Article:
Were you not thrilled when the Navy decided to bring back the “Cracker Jack” dress blues in October 2016? The Navy wants to know.
After implementing several uniform changes for female sailors — including a unisex dress cover for officers and chiefs, the enlisted white "dixie cup" dress cover, the choker-style dress coat for officers and chiefs, and the enlisted "Cracker Jack" dress blues — the Navy has decided it needs to know if you actually like them. You know, because it’s better to ask if you want to wear these items after starting to issue and requiring you wear them through 2020, despite the fact initial that wear tests revealed strong opposition.
“Discussions in online forums for female leaders in the Navy suggest that the Naval Academy wear tests were overwhelmingly against the changes,” wrote Andrea Goldstein, a former naval officer.
Protests from female sailors regarding the dixie cup cover led its mandatory wear date to be pushed to October 2018. Outreach efforts and a coordinated refusal by servicewomen to purchase the cap, when then-President Barack Obama signed the 2017 National Defense Authorization Act, superseded the requirement to purchase it. What’s more, the sailors’ advocacy made Congress to take notice.
The effort forced legislation that requires the secretary of the Navy to be transparent about the composition of wear test groups and the results, stipulates that wear test groups be representative of female personnel, and identifies costs as a fraction of service members’ pay.
As mandated in the 2017 NDAA, the Navy is now required to survey 8,000 randomly selected female sailors, including active-duty and Reserve sailors of all ranks, about the new uniform items, which were designed to create unisex uniformity among all sailors.
Navy Secretary Ray Mabus told Military.com that decision to change the uniforms came about when he realized that it was impossible to distinguish West Point cadets by gender as they marched onto the field at an Army-Navy game.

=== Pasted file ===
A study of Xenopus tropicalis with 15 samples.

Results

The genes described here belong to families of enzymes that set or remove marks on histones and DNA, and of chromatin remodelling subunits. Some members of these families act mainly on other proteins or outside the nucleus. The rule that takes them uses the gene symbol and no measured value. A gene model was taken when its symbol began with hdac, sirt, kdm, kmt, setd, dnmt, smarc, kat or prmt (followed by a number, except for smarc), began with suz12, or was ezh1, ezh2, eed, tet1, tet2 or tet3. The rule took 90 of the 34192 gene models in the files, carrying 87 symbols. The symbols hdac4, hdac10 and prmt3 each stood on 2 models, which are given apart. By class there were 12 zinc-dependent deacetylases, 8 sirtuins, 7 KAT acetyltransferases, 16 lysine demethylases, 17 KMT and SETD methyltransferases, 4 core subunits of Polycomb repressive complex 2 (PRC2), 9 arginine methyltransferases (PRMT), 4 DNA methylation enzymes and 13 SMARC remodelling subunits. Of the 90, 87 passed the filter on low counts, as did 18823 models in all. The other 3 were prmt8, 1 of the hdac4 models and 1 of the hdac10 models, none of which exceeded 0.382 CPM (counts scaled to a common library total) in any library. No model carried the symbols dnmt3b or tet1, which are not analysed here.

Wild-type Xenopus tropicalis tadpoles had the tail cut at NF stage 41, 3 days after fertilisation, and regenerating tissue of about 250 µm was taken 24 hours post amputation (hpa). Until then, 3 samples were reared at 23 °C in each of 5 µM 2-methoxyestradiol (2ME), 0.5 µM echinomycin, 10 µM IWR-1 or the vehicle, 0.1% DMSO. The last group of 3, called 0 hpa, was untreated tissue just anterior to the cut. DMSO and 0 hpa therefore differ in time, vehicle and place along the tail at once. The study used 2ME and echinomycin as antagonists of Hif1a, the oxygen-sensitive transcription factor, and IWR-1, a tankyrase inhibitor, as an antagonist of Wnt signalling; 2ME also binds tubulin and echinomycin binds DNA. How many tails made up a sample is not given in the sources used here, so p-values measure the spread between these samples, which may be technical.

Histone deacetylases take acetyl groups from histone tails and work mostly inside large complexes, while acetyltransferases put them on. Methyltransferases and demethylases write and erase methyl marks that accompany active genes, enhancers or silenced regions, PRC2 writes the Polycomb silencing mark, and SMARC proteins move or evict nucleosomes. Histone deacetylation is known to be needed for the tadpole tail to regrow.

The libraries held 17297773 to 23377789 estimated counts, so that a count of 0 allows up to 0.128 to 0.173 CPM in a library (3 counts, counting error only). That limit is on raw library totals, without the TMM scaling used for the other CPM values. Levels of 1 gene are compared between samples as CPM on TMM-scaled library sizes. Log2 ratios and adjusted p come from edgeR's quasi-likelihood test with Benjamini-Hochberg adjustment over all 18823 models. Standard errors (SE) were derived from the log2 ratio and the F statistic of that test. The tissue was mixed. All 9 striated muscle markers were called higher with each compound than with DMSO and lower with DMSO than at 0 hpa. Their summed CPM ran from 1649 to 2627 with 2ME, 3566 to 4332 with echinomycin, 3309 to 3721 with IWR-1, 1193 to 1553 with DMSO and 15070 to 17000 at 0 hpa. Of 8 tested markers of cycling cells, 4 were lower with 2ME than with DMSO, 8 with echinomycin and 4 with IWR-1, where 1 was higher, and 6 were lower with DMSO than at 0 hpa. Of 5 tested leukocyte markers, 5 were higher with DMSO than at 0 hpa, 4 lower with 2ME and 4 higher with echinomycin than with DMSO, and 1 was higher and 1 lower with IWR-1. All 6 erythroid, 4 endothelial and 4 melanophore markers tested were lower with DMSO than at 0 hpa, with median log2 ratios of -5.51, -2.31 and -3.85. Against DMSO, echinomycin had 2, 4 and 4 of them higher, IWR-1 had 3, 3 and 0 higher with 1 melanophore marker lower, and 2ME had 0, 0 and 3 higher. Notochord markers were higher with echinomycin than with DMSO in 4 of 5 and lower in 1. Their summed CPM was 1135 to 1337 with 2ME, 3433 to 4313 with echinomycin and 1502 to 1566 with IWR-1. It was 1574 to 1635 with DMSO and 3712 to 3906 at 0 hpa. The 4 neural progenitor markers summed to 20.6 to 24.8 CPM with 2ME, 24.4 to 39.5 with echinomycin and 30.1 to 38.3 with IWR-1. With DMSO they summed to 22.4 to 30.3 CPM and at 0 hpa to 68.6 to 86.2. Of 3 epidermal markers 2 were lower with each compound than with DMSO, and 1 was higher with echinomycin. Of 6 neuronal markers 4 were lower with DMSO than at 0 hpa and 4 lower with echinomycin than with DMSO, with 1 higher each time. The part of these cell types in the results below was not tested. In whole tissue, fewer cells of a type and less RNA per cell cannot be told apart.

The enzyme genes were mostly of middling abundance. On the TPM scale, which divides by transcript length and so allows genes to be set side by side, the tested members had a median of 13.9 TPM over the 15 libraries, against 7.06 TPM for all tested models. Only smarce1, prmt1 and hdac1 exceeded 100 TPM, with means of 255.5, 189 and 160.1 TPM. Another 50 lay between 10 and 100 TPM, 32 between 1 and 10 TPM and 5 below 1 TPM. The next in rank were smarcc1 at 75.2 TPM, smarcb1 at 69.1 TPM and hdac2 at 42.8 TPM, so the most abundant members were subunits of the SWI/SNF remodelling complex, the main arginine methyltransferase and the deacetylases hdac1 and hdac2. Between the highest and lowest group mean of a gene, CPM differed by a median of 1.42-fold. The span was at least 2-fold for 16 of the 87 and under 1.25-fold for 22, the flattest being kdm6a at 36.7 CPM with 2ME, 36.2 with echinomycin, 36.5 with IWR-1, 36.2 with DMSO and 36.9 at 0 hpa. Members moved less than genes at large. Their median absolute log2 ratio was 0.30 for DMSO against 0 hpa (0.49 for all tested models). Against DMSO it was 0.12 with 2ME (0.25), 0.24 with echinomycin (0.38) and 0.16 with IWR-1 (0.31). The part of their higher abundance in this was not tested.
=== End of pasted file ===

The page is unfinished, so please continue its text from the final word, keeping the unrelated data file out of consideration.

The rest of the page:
“The cadets marched out in absolutely gender-neutral uniforms. Mids marched out and you could tell what the women wore by their covers,” he said.
Lt. Jessica Anderson, a spokesperson for the chief of naval personnel, told Military.com, "We will conduct a thorough analysis of the survey responses as quickly as possible. The results of this survey will be used to inform the Navy's way ahead on a number of uniform matters we know are of interest to female sailors."
Benjamin Franklin nailed it when he said, "Fatigue is the best pillow." True story, Benny. There's nothing like pushing your body so far past exhaustion that you'd willingly, even longingly, take a nap on a concrete slab.
U.S. Coast Guard Petty Officer 2nd Class Karl Munson pilots a 26-foot boat while Petty Officer 2nd Class Gabriel Diaz keeps an eye on a boarding team who is inspecting a 79-foot shrimp boat in the Gulf of Mexico, off the coast of New Orleans, La., on April 27, 2005
Radio transmissions to the U.S. Coast Guard are usually calls for help from boaters, but one captain got on the radio recently just to say thanks to the men and women who are currently working without pay.
DOVER AIR FORCE BASE, Del (Reuters) - U.S. President Donald Trump traveled to Dover Air Force Base in Delaware on Saturday to receive the remains of four Americans killed in a suicide bombing in northern Syria.
Trump, locked in a battle with congressional Democrats that has led to a nearly month-long partial government shutdown, announced his trip via a pre-dawn tweet, saying he was going "to be with the families of 4 very special people who lost their lives in service to our Country!"
Former President George W. Bush is calling for an end to the partial government shutdown, which is about to hit the one-month mark and is currently the longest shutdown in US history.
In an appeal made on Instagram, the 43rd president called on "leaders on both sides to put politics aside, come together, and end this shutdown." The caption was posted with an image of him and former First Lady Laura Bush giving pizza to their Secret Service detail.